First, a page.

Kindness has a certain commonality - it’s a universal language we can all speak, and it is kind actions that can translate into a strong sense of happiness and wellbeing, while making us all feel deeply valued and appreciated in the process.
Every single interaction we have in our day to day lives - whether that’s smiling or nodding at somebody in the street, or merrily chatting away to a member of staff on the checkout - has the potential to blossom into a moment that connects us, and naturally makes our day feel just that little bit more joyous and uplifting.
In our everyday routines that can sometimes feel too prescribed, fixed or rigid, there is always room for spontaneity, and changing things up to make a difference and an impact.
Often it’s just a case of taking a step back from our busy schedules for a moment, and reflecting on what comes naturally to us.
Being kind already comes naturally to the Yorkshire Coast and residents right across North Yorkshire, which is why the Scarborough News, in partnership with North Yorkshire County Council and sister JPI Media titles in Yorkshire, has launched a major year-long campaign called Salt of the Earth to celebrate this, which will share inspiring stories and examples of the very easy but meaningful ways that we can all make somebody’s day brighter just by showing some thought.
In the fourth week of our Salt of the Earth campaign, we meet Phil Harrison, who has been nominated for his outstanding contribution to the English and Drama department at Filey’s Ebor Academy.
Faculty Lead Mike Anderson said that Phil, who celebrated his 80th birthday in November, had been a: “tremendous help and support” since he started at the Academy.
Mr Anderson said: “He is in school on a weekly basis (often with his wife, Mary) as a volunteer reader, offering some of our more vulnerable students the opportunity to read with an adult on a one to one basis - something which many of our students have not had the opportunity to do before.”
Phil said: “Mary started going first, it’s only 1 to 1.5 hours a week. We spread around the library and listen to the children read and ask them to stop if we think they haven’t understood a word they’ve read. Sometimes, we read to them to try and put more intonation into things.
“There are four potential pupils for us to listen to, but we’re likely to spend 40 minutes between two.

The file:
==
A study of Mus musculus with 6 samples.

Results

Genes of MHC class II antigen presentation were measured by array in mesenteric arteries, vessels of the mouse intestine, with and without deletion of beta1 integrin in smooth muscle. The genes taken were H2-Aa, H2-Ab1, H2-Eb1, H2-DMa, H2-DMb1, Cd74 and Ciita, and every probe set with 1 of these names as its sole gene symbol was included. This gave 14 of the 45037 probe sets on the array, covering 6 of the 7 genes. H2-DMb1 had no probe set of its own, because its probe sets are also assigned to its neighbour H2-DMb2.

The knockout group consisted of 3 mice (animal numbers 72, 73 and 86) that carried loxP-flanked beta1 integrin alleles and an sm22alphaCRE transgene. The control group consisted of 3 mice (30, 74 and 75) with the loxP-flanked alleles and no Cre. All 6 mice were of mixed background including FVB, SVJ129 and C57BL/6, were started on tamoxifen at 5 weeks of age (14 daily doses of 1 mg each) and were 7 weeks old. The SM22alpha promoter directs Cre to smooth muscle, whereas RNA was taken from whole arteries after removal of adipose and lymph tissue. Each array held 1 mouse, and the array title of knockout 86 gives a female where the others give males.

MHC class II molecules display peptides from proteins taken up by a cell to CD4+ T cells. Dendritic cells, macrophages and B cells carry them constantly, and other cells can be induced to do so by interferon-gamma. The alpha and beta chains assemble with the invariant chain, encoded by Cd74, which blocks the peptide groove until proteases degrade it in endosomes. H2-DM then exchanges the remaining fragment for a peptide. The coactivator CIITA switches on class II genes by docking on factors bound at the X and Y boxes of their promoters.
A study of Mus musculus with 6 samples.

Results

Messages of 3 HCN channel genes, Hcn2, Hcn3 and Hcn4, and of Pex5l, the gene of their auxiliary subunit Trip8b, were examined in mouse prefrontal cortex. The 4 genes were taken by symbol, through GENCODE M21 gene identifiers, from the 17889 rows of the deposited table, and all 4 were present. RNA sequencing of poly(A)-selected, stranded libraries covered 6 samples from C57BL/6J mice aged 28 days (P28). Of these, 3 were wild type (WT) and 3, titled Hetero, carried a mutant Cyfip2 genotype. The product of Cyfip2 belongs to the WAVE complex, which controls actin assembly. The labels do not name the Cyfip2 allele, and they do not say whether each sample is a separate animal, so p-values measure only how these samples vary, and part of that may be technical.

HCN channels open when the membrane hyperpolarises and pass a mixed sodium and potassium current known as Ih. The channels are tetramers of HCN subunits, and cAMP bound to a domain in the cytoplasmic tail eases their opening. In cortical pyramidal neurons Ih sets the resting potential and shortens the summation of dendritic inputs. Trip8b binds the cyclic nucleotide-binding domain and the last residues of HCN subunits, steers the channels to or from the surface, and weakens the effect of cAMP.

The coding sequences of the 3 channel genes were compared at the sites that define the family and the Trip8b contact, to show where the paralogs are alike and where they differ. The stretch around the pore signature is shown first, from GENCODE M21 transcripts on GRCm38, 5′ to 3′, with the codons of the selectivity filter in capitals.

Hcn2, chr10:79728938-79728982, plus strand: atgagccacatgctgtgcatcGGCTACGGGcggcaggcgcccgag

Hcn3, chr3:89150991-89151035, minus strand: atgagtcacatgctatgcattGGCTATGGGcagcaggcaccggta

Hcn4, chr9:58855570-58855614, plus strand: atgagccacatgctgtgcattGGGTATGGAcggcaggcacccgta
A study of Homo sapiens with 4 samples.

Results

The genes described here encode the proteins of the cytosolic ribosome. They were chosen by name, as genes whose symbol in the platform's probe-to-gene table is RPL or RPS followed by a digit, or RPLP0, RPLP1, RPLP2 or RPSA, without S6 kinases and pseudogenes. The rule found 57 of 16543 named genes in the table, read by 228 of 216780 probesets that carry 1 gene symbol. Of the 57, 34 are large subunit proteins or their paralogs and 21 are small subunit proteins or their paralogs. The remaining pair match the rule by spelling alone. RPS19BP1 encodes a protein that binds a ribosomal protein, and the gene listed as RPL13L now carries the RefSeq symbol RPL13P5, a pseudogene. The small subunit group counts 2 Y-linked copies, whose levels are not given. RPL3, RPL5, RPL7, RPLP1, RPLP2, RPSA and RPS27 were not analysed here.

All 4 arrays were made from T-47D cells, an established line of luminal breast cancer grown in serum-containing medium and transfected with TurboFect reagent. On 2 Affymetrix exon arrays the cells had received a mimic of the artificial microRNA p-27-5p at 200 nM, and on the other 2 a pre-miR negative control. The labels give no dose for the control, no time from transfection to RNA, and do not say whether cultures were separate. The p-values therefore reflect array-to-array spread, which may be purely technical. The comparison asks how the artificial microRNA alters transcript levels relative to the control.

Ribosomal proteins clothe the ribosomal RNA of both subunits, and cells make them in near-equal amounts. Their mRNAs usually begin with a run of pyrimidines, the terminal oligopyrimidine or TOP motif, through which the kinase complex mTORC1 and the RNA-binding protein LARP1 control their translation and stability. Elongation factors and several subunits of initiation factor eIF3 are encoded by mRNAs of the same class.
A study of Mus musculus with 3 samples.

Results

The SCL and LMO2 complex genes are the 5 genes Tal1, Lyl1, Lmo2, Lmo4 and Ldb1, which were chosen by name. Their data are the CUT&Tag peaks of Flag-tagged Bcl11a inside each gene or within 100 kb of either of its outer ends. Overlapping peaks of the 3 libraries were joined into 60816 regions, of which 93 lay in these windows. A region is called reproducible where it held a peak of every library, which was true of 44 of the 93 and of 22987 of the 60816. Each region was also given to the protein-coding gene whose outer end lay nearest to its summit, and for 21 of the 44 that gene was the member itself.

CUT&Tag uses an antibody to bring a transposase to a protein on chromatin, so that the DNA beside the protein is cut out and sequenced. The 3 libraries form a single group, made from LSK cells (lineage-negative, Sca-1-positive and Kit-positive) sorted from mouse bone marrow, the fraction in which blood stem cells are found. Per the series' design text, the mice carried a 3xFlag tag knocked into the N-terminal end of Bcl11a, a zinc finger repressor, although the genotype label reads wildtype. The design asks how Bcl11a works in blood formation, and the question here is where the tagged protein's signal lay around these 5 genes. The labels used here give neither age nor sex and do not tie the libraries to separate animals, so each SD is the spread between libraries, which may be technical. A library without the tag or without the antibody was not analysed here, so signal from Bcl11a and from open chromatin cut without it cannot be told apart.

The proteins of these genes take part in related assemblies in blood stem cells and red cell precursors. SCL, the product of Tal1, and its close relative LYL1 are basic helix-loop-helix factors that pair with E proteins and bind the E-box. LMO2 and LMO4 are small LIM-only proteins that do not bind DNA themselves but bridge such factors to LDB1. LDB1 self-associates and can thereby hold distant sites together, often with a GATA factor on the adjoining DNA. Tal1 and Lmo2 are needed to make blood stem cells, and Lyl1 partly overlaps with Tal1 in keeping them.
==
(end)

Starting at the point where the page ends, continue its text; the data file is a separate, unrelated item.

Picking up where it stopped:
“Sometimes I laugh out loud when they are reading and have to explain I’m not laughing at them, I’m laughing at what’s written in the book,“ he said with a grin.
Phil is also a founding member of the Academy book club and has been instrumental in sourcing funds to purchase the chosen books for members. He said: “Liz Butler, president of the Rotary last year, asked if any readers wanted to join the book club and I did. We encourage young people to read books from outside the National Curriculum and to learn to open their mouths and discuss.”
So far, the club has read George Orwell’ s Animal Farm and 1984, The Night Circus by Erin Morgenstern, Chocolat by Joanne Haaris, When Hitler Stole Pink Rabbit by Judith Kerr and The Beekeeper of Aleppo by Christy Lefteri.
The group spends around an hour discussing the book, and members are encouraged to volunteer their thoughts. “It’s good for them as they come to realise that people older than them have different opinions,” he said.
Mr Anderson said: “Phil, alongside a team of dedicated volunteer readers, provides a safe environment for the students to practise reading on a one to one basis.
“This experience is invaluable for the students: building confidence, developing comprehension skills and most of all helping to pass on a love of reading and a lifetime of knowledge and experiences.
Phil and Mary have also donated bags full of costumes in order to help re-launch the Drama department this year. The couple accumulated the costumes over many years. Phil said:
“Years ago, the Rotary Clubs in Castleford and Filey used to take older people out for afternoon tea.”
The Rotarians would go along and play the piano and sing. In Filey, the organisation grew and grew until the Rotarians no longer visited people to perform, but instead would get on stage and old people were bused in.
Phil said: “Eventually the show became so sophisticated that it had to run for three nights, a Monday, Tuesday and Wednesday.” The third night was a pay to see event, allowing the Rotarians to raise money to offset the costs of the first two nights.
Thousands of costumes were made for the group, with many ending up in Phil and Mary’s house. They decided to give away a large number to the Stephen Joseph Theatre who kept some themselves and passed some to their outreach department. The rest were given to the school, “which for some reason,” said Phil with a smile, “included loads of pearly kings and queens outfits!”
Mr Anderson said: “Phil, his wife Mary and Liz Butler from the Filey Rotary Club have been extremely generous sourcing a wealth of costumes for the Drama department at Ebor Academy Filey.
“They will be a tremendous resource for our GCSE students as they begin to plan and rehearse their final GCSE performances in the coming months.”
When asked if he enjoys the sessions, Phil said: “I inevitably get a sense of satisfaction out of it because my children and grandchildren have grown up and these children haven’t had the start in life I had.
“If I can do something to help I’m prepared to do it. It’s gratifying to see kids improving, you can tell they are better than they were.”